Mark Movesesian on the Constitutional Right to Go Topless
At Liberty Law Blog, Mark Movesisan (St. John's): Tradition and Going Topless. It begins:
Last month, a three-member panel of the U.S. Court of Appeals for the Seventh Circuit handed down an important decision in Tagami v. City of Chicago, the “GoTopless” case, a constitutional challenge to a Chicago public nudity ordinance that prohibits women, but not men, from appearing topless in public. The court upheld the ordinance by a vote of 2 to 1. The debate between Judge Diane Sykes, who wrote the majority opinion, and Judge Ilana Rovner, who wrote the dissent, offers fascinating insight into the role of tradition in constitutional law.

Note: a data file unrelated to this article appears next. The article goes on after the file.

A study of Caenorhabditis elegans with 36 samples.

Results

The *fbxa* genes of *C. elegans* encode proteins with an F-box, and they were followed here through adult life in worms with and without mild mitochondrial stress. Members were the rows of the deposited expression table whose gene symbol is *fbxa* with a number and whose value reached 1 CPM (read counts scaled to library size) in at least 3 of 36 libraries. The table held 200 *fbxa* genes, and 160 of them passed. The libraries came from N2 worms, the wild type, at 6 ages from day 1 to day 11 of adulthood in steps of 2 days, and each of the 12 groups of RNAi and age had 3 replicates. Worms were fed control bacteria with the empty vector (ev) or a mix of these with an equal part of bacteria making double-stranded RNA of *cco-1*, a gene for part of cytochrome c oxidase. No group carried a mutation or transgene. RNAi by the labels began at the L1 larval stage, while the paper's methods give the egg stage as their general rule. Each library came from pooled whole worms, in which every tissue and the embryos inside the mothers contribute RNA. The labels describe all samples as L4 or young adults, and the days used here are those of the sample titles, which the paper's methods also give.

And a key substantive point:
First, Judge Sykes’s opinion suggests that, even after cases like Obergefell, Lawrence, and Casey, tradition continues to have an important place in constitutional law. It’s true those decisions held that traditional moral norms cannot serve as a legitimate basis for law, at least not where they infringe on personal identity or the individual’s search for meaning. But it’s also true, as the late Justice Scalia and others repeatedly pointed out in response, that the Court cannot possibly have meant what it said. Too much law relies on traditional morality as a justification; to deny that tradition can legitimate law would throw our legal system into chaos. Judges will need to find some way to distinguish between those cases where traditional norms can serve to justify state action and those where they cannot. Judge Sykes’s opinion, which suggests that traditional norms can still govern questions of “public order,” is perhaps a start.